Guinness, Does a Body Good?

In honour of today being St. Patrick’s day (don’t you love how we have a holiday specifically devoted to inebriation?), I figured now is as good a time as any to talk about beer.

A few months ago I ran a story spotlighting some pros and cons of alcohol consumption

Beach Body or Beer Belly: Alcohol and Your Physique

For those of you who don’t want to read the entire piece, here are the Coles notes:

  • small amount of alcohol –> health promoting
  • red wine –> greatest cardiovascular benefits
  • distilled liquor –> best way to get buzzed for fewest calories
  • frequent alcohol consumption –> not conducive to building a great physique


Pretty straightforward really. Of course, there are many more considerations than just those I’ve listed above. One of the issues that seems to be most challenging for individuals looking to include the occasional drinks for “health” reasons is the commong refrain “but I don’t like drinking wine”.

If that’s the case and beer is really more your thing, then you might consider using St. Patrick’s day to indulge in a pint.

Guinness = Aspirin?

Although I strongly caution against taking Guinness’ slogan at face value (a pint of Guiness a day is a great way to pack on 5 lbs), darker beers do have some research backing their benefit in terms of reducing platelet aggregation… at least in dogs: Guinness Could Really be Good for You.

In humans, the research isn’t quite as convincing that dark beers (stouts) have markedly stronger health properties than lighter beers (lagers). However, the good news is that both types of beer do have some (and I repeat, some) health promoting properties.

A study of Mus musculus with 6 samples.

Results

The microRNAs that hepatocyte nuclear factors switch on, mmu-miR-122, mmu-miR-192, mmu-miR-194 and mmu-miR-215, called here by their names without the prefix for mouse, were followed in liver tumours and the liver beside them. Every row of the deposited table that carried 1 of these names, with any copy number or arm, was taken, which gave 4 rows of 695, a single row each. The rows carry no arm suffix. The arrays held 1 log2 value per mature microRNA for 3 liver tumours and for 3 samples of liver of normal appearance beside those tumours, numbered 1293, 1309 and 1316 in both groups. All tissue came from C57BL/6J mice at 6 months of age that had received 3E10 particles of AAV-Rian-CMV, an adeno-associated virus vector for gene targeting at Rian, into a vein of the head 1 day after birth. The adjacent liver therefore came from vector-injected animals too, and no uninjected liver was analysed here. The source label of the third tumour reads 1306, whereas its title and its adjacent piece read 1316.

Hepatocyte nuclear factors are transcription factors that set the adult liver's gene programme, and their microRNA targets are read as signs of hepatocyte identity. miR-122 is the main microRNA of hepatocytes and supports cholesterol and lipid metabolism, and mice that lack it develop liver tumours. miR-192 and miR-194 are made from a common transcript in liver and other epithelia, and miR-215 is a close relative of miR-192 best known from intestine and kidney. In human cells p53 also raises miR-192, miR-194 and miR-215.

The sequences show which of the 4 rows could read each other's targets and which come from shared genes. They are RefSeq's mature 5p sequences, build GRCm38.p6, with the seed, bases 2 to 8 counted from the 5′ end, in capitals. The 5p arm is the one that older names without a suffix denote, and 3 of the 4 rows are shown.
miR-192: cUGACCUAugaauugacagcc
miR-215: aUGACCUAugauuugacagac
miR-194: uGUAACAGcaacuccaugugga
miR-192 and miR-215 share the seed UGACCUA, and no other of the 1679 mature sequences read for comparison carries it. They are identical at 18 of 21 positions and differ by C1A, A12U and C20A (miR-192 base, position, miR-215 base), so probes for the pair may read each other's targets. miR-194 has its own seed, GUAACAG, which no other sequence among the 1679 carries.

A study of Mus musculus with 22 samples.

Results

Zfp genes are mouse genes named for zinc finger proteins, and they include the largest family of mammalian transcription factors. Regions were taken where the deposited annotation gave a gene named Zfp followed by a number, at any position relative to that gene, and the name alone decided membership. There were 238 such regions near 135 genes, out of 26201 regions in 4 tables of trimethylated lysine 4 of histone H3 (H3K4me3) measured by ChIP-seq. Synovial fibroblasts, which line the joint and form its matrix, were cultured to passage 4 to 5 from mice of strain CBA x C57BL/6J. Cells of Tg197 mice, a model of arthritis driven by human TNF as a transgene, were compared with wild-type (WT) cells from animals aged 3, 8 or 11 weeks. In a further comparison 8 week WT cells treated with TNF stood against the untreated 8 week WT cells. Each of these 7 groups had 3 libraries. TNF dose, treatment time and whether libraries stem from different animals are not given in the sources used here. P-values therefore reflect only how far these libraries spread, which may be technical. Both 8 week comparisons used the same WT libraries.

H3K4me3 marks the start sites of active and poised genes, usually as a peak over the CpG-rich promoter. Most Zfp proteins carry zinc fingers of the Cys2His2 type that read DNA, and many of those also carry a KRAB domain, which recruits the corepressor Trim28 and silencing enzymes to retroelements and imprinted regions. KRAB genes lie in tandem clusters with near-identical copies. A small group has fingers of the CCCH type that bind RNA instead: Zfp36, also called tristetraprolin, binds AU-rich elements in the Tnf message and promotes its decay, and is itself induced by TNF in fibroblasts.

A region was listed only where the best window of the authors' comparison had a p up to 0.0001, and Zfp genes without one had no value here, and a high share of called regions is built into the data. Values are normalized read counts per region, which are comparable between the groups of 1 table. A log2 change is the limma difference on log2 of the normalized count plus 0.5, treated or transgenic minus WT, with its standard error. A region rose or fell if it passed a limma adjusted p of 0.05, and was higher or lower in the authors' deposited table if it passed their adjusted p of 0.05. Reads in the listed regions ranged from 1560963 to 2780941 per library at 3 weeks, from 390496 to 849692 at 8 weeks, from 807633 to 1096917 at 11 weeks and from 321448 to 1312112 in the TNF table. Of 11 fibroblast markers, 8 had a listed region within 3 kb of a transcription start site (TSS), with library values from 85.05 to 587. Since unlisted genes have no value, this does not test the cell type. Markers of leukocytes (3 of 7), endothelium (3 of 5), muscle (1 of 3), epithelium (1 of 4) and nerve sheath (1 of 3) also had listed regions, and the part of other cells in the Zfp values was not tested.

Research done at The University of Western Ontario (Alcohol: Friend or Foe? Alcoholic Beverage Hormesis for Cataract and Atherosclerosis is Related to Plasma Antioxidant Activity) has shown that the potential health benefits of alcohol consumption are strongly related to the dose.

As we can see in the graph above, one drink of red wine, lager or stout all seem to positively contribute to plasma antioxidant activity. This is good. Unfortunately, 3 drinks of those same alcoholic beverages all show significant pro-oxidant activity… this is not good.

Strangely enough, 3 glasses of non-alcoholic stout were also problematic, which further underscores our still nascent knowledge about how food interacts with our bodies.

Bottom line, a pint of beer or glass of wine a day isn’t going to kill you and does appear to have a role in improving cardiovascular health. Then again, consuming copious amounts of vegetables and fruit, as well as sleeping 7-9 hours a night, practicing stress reduction techniques and exercising regularly have even greater benefits to cardiovascular health… but those don’t really jive with the spirit of St. Paddy’s day.

I’ll just point out once more that although one drink could be viewed as health promoting, anything more and you start to do more harm than good. Of course, I don’t think my public service announcement will¬†really change anyone’s drinking plans for today… but I figured you should at least know ūüėČ

Till next time, train hard and eat clean.

And P.S. – If you are drinking today, do the smart thing and get a DD or leave the keys at home and call a taxi. If you choose to drink in excess and damage your own health, that’s your business. But endangering the lives of others… not acceptable.